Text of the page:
Synopses & Reviews
This powerful and poignant novel of L.A., from the author of Less Than Zero and American Psycho, depicts a generation's overwhelming dissatisfaction with the way things are, and its insistence on remaining as detached and isolated as possible.
"The Informers is full of morbid Gothic sensibility, sick jokes and outrageous detail... hilarious... ambitious... It [has] sharp observations and impeccably controlled prose." Newsday
"With a canny journalist's eye for detail and dialogue, Ellis's storytelling carries the complete lack of sentiment and empathy of a seasoned comic novelist." LA Times
"The Informers shows the work of a writer at the peak of his powers, deeply concerned with the moral decline of our society. The book takes us from the first to the seventh circles of hell, from Salinger to de Sade." Will Self
"This tedious successor to American Psycho, a patchwork of interrelated vignettes about a set of filthy rich L.A. families in the early 1980s, weds Ellis's over-the-top if one-dimensional satirical style to the sensational hedonism characteristic of Danielle Steel and the spiritual malaise of Douglas Coupland." Publishers Weekly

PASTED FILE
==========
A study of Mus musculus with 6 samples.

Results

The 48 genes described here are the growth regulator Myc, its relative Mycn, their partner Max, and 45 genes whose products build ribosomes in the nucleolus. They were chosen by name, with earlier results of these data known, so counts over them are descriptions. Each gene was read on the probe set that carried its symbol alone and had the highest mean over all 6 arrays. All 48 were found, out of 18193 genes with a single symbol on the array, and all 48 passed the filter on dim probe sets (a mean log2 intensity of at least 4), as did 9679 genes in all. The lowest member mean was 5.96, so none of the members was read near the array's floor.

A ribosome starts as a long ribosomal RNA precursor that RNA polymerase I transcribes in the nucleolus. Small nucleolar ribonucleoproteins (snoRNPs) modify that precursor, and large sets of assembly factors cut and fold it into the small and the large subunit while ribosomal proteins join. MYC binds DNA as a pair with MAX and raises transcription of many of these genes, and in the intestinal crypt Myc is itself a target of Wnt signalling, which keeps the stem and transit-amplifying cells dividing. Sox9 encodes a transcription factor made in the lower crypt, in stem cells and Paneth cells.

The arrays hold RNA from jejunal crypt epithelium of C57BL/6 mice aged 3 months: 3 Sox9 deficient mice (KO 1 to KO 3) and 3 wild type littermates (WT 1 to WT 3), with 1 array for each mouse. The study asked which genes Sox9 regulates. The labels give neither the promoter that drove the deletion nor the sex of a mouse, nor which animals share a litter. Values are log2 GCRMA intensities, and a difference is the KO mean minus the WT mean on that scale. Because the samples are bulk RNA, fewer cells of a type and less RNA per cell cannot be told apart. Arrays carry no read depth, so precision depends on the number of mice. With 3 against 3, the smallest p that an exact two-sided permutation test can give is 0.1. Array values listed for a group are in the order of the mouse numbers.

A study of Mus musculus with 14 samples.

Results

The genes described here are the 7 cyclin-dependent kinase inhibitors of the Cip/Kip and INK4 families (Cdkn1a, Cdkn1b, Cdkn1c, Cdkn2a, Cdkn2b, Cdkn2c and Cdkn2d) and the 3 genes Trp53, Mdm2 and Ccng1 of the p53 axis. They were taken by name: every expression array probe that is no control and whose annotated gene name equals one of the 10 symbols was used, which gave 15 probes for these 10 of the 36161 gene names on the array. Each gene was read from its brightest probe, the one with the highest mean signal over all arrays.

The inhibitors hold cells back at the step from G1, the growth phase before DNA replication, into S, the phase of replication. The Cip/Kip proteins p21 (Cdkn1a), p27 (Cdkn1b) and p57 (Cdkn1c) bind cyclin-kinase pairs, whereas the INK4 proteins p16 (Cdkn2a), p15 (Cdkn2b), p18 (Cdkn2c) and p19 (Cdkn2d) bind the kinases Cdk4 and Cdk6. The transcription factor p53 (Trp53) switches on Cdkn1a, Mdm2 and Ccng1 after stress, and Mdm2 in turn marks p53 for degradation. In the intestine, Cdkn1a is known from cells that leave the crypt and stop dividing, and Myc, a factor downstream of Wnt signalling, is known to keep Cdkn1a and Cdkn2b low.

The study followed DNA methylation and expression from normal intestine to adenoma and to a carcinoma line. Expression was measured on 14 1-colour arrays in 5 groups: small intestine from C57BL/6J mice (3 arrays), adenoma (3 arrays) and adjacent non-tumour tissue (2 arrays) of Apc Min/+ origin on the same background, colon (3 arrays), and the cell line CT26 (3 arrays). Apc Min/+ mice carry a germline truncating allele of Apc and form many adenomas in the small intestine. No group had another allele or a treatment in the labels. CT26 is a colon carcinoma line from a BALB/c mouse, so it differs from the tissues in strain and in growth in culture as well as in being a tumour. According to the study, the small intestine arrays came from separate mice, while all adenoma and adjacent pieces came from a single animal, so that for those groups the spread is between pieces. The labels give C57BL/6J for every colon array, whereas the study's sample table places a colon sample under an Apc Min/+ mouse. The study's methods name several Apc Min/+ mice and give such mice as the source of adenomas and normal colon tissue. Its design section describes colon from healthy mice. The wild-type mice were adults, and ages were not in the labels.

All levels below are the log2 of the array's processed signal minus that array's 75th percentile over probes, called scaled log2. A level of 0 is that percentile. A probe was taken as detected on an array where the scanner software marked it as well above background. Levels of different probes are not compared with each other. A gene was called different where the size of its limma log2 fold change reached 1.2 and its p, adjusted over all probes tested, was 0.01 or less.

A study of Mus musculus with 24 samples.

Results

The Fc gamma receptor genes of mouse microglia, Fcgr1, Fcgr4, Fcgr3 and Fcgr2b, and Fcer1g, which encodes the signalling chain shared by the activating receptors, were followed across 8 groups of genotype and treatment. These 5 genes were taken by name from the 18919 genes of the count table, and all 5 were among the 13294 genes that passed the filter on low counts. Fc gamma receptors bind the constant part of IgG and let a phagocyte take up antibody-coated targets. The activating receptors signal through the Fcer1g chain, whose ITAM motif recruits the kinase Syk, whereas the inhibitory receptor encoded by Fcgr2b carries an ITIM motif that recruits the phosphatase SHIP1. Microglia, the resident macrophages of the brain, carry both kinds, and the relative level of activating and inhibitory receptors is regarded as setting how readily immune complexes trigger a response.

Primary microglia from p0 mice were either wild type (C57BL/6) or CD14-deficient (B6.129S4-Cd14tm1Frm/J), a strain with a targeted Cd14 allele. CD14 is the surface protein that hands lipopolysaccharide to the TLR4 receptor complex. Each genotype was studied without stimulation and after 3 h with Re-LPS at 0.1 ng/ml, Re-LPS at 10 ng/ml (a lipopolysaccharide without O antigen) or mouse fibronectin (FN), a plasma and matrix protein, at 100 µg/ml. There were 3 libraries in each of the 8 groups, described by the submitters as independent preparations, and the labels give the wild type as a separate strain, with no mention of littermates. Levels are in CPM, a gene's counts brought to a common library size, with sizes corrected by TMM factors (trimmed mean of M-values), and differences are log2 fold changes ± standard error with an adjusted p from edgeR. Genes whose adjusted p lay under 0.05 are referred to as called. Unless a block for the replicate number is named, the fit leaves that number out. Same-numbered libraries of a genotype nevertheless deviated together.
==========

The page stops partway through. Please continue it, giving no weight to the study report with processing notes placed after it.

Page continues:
"The Informers has fewer gruesome scenes than American Psycho, and its affectlessness renders them less powerful. Still, this is a disturbing book that will be requested by patrons familiar with Ellis's work." Library Journal
In this seductive and chillingly nihilistic novel, Bret Easton Ellis, the author of American Psycho, returns to Los Angeles, the city whose moral badlands he portrayed unforgettably in Less Than Zero. This time is the early eighties. The characters go to the same schools and eat at the same restaurants. Their voices enfold us as seamlessly as those of DJs heard over a car radio. They have sex with the same boys and girls and buy from the same dealers. In short, they are connected in the only way people can be in that city.
Dirk sees his best friend killed in a desert car wreck, then rifles through his pockets for a last joint before the ambulance comes. Cheryl, a wannabe newscaster, chides her future stepdaughter, “You're tan but you don't look happy.” Jamie is a clubland carnivore with a taste for human blood. As rendered by Ellis, their interactions compose a chilling, fascinating, and outrageous descent into the abyss beneath L.A.'s gorgeous surfaces.
About the Author
Bret Easton Ellis is the author of American Psycho, The Rules of Attraction, and Less Than Zero.